Consulting with Lawmakers on the Media Environment in Latin America

Beatriz Quiñones from Colombia’s ANTV (the national broadcast regulator) speaks to the gathered lawmakers.

Effective media development work requires the engagement of sectors beyond the media themselves–that is, governments, academia, and civil society. Based on this notion, CIMA and Deutsche Welle Akademie (DWA), the media development arm of the German international broadcaster, have launched a series of regional consultations around the world with media stakeholders on the ground to diagnose the underlying obstacles to solving the problems that media face: censorship and attacks against the press, economic sustainability, concentration of ownership, and lack of transparent broadcast regulations.

The first of these consultations took place in Bogota, Colombia, in November 2015 with the cooperation of 10 other partner organizations, bringing together more than 130 civil society and media watchdog NGOs, broadcast regulators, academics, media industry representatives, officials from government ministries, and others in the media and development sectors. Notably absent were members of national parliaments. Recognizing that good media law is crucial to media development, CIMA, DWA, and other partner organizations conducted a follow-up conference for legislators from all over the region at the beginning of August.

Legislators from 11 Latin American countries met in Bogota to discuss the problems media face in the region under the theme “Constructing a Favorable Environment for Plural and Independent Media in Latin America.” Fourteen legislators from Argentina, Bolivia, Colombia, Costa Rica, Guatemala, El Salvador, Mexico, Nicaragua, Paraguay, Uruguay, and Venezuela spoke about the state of media and media law in their countries and heard presentations of case studies from the conference organizers. Besides CIMA and DWA, organizing partners and speakers included Edison Lanza, special rapporteur for freedom of expression for the Inter-American Commission on Human Rights; Frank La Rue, UNESCO’s assistant director-general for communication and information; Beatriz Quiñones of Colombia’s broadcast regulatory authority; Guilherme Canela of UNESCO’s South America office; and Gustavo Gomez and Aleida Calleja of the Uruguay- and Mexico-based media observatory, OBSERVACOM.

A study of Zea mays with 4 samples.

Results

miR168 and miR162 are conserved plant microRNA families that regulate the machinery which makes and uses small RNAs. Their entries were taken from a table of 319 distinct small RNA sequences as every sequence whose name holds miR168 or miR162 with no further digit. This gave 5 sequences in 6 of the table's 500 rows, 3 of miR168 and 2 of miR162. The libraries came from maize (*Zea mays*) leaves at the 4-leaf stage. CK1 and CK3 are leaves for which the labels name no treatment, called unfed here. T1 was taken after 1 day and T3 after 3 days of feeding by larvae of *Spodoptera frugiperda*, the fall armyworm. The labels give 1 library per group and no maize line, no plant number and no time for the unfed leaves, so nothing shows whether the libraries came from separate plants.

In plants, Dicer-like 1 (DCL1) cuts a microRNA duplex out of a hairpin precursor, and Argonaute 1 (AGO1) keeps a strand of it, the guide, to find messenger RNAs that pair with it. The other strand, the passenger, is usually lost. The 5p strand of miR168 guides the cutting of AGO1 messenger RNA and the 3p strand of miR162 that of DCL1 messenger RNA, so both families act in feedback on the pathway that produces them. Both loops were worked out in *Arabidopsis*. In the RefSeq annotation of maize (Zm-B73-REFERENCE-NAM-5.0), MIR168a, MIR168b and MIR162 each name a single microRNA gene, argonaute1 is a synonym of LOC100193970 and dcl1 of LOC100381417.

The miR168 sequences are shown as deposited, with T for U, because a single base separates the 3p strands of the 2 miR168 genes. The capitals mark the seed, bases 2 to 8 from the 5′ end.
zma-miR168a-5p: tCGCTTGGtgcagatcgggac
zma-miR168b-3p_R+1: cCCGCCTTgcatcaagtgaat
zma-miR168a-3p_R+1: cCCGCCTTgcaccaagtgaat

“We’re mainly seeking to put the themes of freedom of expression, pluralism, and the concentration of media on the legislative agendas of all the countries, and for that the legislators are an essential piece,” Lanza said.

Tomas Guanipa, an opposition member of Venezuela’s National Assembly, told a Venezuelan online magazine following the conference that the government’s controls on foreign exchange and state-owned companies’ monopolies on supplies needed to produce print media “have become instruments of censorship and control of information, which has not allowed the independent press to express in its true dimension the serious problems troubling Venezuelan society.” Guanipa, chairman of the legislature’s committee on communications media, said, “We came to Bogota to learn about experiences that are being developed in other nations…the experiences of Colombia and policies for improving audiovisual communication, new legislation, and especially the particular case [of media legislation] in Uruguay are experiences that we must take to improve Venezuelan law.”

In addition to outlining the problems for media in Nicaragua, Deputy Enrique Saenz, shone a stark spotlight on the problems for democracy in general there. Rising to address the conference, he began by saying he probably shouldn’t even be there, as he and 15 other members of the opposition in the legislature had been summarily expelled the previous day.

By the end of the conference, several of the legislators and other participants expressed interest in continuing the cross-border connections in some formal way. Jimena Costa, an opposition deputy from Bolivia, suggested that the legislators draft a formal declaration based on the discussions in Bogota.

CIMA and DWA’s regional consultations will continue next month in Jakarta, Indonesia, as part of the Global Forum for Media Development’s world conference.

Don Podesta is a Program Officer for Latin America and the Caribbean at the National Endowment for Democracy. Previously he was the Manager and Editor at CIMA. He was born in Chile and raised in Colombia.